The Shubert Organization, the company that owns 17 Broadway theaters, has given up efforts to construct a new Broadway venue on West 45th Street, after years of working to add one more house to the theater district.

It’s not going to happen,” said Robert E. Wankel, the president and co-CEO of the Shubert Org, in a recent interview with Shubert chairman and co-CEO Philip J. Smith. “It got too complicated.”

Broadway real estate is at a premium, making the prospect of a new theater a tantalizing one. With the massive revenue streams of megahits like “The Lion King,” “Wicked” and now “Hamilton” attracting new interest in producing — both from individuals and from movie studios — the crop of projects angling for a midtown theater is at a seemingly unprecedented high. And with big hits running much, much longer than popular shows did in prior decades (see: “The Phantom of the Opera,” “The Lion King,” “Chicago”), houses open up for new shows much less frequently.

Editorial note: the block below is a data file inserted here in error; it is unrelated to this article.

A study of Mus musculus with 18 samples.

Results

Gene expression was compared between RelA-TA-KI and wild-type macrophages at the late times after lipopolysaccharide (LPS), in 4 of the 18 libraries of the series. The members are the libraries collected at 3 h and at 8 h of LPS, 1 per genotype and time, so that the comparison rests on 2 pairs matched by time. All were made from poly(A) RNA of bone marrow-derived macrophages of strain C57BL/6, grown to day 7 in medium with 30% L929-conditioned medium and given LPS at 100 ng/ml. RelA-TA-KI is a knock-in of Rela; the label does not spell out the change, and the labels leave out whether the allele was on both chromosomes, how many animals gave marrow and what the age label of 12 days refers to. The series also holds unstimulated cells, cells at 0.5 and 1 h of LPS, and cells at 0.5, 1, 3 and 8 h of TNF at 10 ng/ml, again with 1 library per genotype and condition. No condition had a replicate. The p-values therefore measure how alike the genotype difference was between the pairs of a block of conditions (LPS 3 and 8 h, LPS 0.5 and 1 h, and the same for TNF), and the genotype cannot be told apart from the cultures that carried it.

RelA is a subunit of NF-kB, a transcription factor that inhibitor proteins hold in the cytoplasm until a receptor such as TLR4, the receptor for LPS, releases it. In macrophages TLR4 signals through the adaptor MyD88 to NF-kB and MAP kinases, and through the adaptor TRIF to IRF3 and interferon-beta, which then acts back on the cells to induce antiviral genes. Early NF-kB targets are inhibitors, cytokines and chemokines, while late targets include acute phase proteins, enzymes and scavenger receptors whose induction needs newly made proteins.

But according to Shubert leadership, the complications of building a new theater in a planned residential tower in midtown — between 45th and 46th Streets, beside the Imperial Theater and just east of Eighth Avenue — proved insurmountable. The cost of the theater would easily have hit $150 million or more.

“It was more the complexity of the development, which is in part a cost factor, but it was also just getting too difficult to incorporate the theater into the new building in a way that made it economically feasible,” Wankel said. “It was an opportunity, but we just didn’t think, in the end, it would work, much as we tried.”

Still, with the theater industry as robust as it currently is, Broadway could use another venue — and the Shuberts haven’t ruled out the possibility of trying again in the future. “Oh, sure, we would always consider it,” Wankel said.